AUSTIN (AP) — Bankruptcies and a criminal investigation marred Texas’ signature programs that use taxpayer funds to boost private startups in 2012, and lawmakers this year must decide how much of an appetite they have to keep the money flowing.
The state budget picture will be brighter when Legislature reconvenes Tuesday, but leaders of both Gov. Rick Perry’s Emerging Technology Fund and the embattled Cancer Prevention and Research Institute of Texas, or CPRIT, will find it a much tougher sell getting lawmakers to buy in to their programs and fork over a combined $739 million over the next two years.
Terry Chase Hazell, chairwoman of the Emerging Technology Fund’s advisory committee, on Friday acknowledged various challenges in making a case for funding, but said she was confident that lawmakers would be thorough.
“The broader lens that the Legislature looks at the funds through is not something we should, or try, to control,” Hazell said.
On the flip side, another prominent state economic development program isn’t asking for a dime. The Texas Enterprise Fund is touted as Perry’s deal-closer to bring companies such as Apple to Texas, and carried an unused balanced of about $145 million at the end of last year, said Perry spokeswoman Lucy Nashed.
“I think we just looked at what we already have in the bank and felt that was an appropriate amount to move forward with,” Nashed said.
CPRIT accounts for the bulk of the high-tech money being sought — $600 million requested over 2014-15 — and is the most battered. The state’s $3 billion cancer-fighting agency unraveled last year amid internal accusations of politics trumping science, widespread resignations and now a criminal investigation into an $11 million grant that was given to a private company and that completely bypassed the review process.
Dallas-based Peloton Therapeutics received that grant, and the startup is similar to those infused with cash by Perry’s tech fund, which has doled out more than $194 million since 2005. Two bankruptcies in the fund’s portfolio last year added to previous busts and raised questions about whether the fund is now worth less than what taxpayers have put into it.
The current value of the fund won’t be publicly known until an annual report due out later this month.
Both the tech fund and the part of CPRIT’s budget that is set aside for private company awards — roughly 15 percent, as the bulk of CPRIT’s funding underwrites cancer research in university labs — were established with economic development and breakthroughs in mind. Backers defend the taxpayer funding as another boost to Texas’ rapidly growing high-tech sectors the well-paying jobs the industries bring.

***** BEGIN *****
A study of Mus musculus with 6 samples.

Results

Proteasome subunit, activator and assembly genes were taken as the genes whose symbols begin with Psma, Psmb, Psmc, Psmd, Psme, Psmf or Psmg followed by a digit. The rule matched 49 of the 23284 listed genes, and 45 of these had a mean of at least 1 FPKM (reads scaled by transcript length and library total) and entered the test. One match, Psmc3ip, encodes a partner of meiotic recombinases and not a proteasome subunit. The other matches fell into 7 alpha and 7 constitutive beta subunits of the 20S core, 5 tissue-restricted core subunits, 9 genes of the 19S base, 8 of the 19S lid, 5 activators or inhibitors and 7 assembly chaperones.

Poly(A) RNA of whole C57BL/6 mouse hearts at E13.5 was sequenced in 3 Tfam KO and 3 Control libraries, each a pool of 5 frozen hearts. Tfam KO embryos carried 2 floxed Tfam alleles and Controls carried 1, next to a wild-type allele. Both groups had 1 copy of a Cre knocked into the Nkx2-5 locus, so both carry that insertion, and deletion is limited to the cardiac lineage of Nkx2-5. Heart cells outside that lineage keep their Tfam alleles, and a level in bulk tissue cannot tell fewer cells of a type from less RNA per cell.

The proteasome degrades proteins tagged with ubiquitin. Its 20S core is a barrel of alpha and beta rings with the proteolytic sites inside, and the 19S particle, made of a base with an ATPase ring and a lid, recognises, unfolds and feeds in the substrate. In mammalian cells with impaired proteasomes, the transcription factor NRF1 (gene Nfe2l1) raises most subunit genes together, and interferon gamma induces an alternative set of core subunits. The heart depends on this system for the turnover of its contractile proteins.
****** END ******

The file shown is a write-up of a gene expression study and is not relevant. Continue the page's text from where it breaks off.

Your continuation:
But critics of the programs believe the run of bad news — particularly surrounding CPRIT — is making more lawmakers skeptical of whether the state is getting its money’s worth or simply enriching private companies.
“I’m afraid the motivation has become very clear to lawmakers and even the public,” said Glenn Smith, director of the liberal Progress Texas PAC, which filed a complaint against CPRIT with prosecutors in Austin.
Budget writers harshly questioned CPRIT leadership — those still left at the agency, anyway — at a public hearing just before Christmas. It came after Perry and other state leaders ordered a moratorium on CPRIT awards until confidence in the beleaguered program could be restored.
Lawmakers appear to prefer implementing stronger checks, balances and oversight of the agency, instead of punishing it by withholding funding. But the slice of money CPRIT sets aside for private startups will almost certainly be revisited this session.
“This was cancer prevention research. This was not the cancer prevention hedge fund, this was not the cancer prevention venture capital fund. This is not the Emerging Technology Fund,” said Democratic state Rep. Craig Eiland, a member of the House Appropriations Committee. “That’s something we need to take a look at closely in the Legislature.”
One change already being implemented to the tech fund is a bigger emphasis on so-called “success-based” funding waves that will require companies to hit more milestones to collect their full award.
In January 2012, Perry’s office estimated that the tech fund portfolio’s investments were worth $4.5 million more than what the state had handed out. The fund had its biggest bust to date later that year with the collapse of bioenergy producer Terrabon Inc., which had been awarded $2.75 million in 2010.
That set off criticism about Perry’s office not being able to put an exact finger on the value of the fund between annual reports. Hazell, however, said that unlike portfolios of publicly traded companies that are on the stock market, the value of private equity can’t be estimated so quickly.
“If you look at the overall performance of the fund, we’re seeing what we want to see,” she said.